Meet our speaker: Shannon Galpin

Shannon Galpin is a National Geographic Adventurer of the Year 2013, global activist, and founder of the non profit Mountain2Mountain which has spearheaded dozens of projects in Afghanistan for women’s rights. In 2009 she became the first woman to mountain bike in Afghanistan and has continued to ride in each over her 22 visit to Afghanistan. Shannon is the author of her memoir, Mountain to Mountain, and is a producer for the upcoming documentary film, Afghan Cycles, premiering in 2018. Read more about Shannon on our speaker page of her website and follow her on Twitter @sgalpin or Instagram @sgalpin74!

Shannon is a speaker in the sub plenary session 'Cycling Through Barriers Around the World'. We had a quick interview with Shannon on cycling and her upcoming visit to Velo-city 2017.

You will be speaking in the session ‘Cycling Through Barriers Around the World. What do you want to present at the session?

I hope to share that the bike is much more than a vehicle for transportation, it is quite literally a vehicle for social justice and equality. The bicycle is freedom, particularly for women, it is a tool to fight gender violence in both urban and rural communities, and it is a symbol of freedom that dates back over a century both in American and throughout Europe in the women’s rights movement, something we are now seeing echoed in the countries where the bike is beginning to be linked to equality and women’s rights in Afghanistan and Saudi Arabia and Iran in similar ways today.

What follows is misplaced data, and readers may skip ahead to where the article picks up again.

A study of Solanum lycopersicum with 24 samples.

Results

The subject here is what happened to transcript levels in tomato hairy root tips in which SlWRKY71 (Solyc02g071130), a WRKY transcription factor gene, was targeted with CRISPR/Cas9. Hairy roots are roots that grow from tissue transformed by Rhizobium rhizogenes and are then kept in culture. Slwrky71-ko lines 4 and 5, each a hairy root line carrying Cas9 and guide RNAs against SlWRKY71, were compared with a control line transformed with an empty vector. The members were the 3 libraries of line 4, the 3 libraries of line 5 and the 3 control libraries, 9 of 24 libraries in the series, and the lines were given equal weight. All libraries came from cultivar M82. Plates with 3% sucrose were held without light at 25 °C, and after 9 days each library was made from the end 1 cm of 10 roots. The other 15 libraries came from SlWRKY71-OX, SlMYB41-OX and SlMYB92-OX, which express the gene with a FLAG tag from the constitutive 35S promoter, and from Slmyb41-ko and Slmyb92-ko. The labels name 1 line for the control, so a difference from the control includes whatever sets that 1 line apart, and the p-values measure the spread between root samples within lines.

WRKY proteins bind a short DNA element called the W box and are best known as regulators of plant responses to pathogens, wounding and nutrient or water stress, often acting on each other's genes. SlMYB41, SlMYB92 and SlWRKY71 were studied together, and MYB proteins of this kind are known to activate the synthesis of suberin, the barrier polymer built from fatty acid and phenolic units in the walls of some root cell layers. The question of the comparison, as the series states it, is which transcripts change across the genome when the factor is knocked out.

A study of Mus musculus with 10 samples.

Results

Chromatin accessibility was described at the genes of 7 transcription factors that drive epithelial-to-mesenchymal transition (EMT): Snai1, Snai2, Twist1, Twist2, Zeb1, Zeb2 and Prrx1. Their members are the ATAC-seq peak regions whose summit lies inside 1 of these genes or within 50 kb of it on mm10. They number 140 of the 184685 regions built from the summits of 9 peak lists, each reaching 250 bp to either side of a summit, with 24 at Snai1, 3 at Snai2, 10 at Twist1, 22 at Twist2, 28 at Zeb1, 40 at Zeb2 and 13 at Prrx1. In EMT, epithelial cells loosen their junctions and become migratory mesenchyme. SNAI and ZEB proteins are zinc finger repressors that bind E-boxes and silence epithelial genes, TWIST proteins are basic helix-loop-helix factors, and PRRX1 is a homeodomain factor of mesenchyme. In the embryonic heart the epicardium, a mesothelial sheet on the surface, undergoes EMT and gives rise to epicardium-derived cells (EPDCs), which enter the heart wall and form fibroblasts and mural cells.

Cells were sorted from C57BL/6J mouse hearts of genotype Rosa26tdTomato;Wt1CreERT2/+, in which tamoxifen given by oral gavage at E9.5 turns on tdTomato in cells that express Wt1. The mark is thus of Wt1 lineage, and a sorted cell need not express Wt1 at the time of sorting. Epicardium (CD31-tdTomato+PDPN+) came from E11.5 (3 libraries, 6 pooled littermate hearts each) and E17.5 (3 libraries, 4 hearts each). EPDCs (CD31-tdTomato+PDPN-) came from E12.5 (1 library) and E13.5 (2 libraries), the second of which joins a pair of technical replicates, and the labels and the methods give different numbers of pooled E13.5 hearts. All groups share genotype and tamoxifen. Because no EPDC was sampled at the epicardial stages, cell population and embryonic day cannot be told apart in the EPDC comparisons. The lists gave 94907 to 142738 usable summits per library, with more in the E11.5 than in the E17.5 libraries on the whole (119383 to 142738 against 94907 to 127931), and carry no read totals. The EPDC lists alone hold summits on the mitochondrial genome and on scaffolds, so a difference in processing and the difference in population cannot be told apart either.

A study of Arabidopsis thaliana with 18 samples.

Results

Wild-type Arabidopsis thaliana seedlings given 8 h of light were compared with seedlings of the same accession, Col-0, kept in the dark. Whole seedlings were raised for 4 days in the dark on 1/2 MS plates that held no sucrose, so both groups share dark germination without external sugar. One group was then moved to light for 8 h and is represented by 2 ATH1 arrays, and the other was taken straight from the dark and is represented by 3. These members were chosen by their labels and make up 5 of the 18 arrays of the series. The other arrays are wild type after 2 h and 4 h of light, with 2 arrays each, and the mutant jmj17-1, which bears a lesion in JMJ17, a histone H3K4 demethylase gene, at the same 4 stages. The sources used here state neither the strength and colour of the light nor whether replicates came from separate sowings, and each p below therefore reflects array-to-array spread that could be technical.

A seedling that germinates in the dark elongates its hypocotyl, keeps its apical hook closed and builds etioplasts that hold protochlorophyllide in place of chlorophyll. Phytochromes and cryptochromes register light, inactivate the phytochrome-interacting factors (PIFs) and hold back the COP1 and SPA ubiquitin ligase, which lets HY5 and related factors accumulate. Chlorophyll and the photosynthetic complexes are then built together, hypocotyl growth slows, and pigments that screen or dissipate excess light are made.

What is your favorite place to ride a bike and why?

I am a singlespeed mountain biker at my heart, and so I love to ride in the mountains of Colorado. But I have to share that I fell in love with bikes because I moved to Europe when I was 20, and became a daily commuter because of the acceptance of bikes on roads and access of bike paths. For me the bike is something I use to explore new places, and I am excited to now have the excuse to ride here in Holland for the first time!

What can you teach the Dutch on cycling?

I think its probably very difficult to teach the Dutch anything about cycling, this is definitely a space they are known for worldwide! But I think that it’s important to remember that not everyone has the right to ride like we have in Europe and America, that riding bikes is not just about transportation, good health, the environment, and better access, its also about gender and equality across much of the world. Access to bicycles can bring access to education and healthcare, and in countries like Afghanistan, Saudi Arabia, Pakistan, it can literally bring freedom of mobility and social justice to women and girls. I’d like to see more work being done with bikes and refugees in Europe as a way to integrate and to provide access and mobility.

What does The Freedom of Cycling mean to you?

Freedom of Cycling means looking beyond infrastructure, and into social justice movements through bicycles and cycling. There are some incredible success stories like the Rwandan cycling team that used the sport of cycling as a reconciliation tool after the genocide, or how I used cycling as a way to normalize bikes for girls in a country like Afghanistan where girls are not allowed to ride because of deep seated taboos of morality. Freedom of cycling is freedom to explore the world we live in.  

Are you looking forward to Velo-city 2017 and what is on your Velo-city to-do list?

I have never had the opportunity to explore Holland on bicycle, so I’m very excited to have the opportunity to take part in some of the bike rides and explore . I’m still looking through the calendar - but I am very keen to visit the Bicycle Museum and joining one of the Amsterdammer for a Day tours.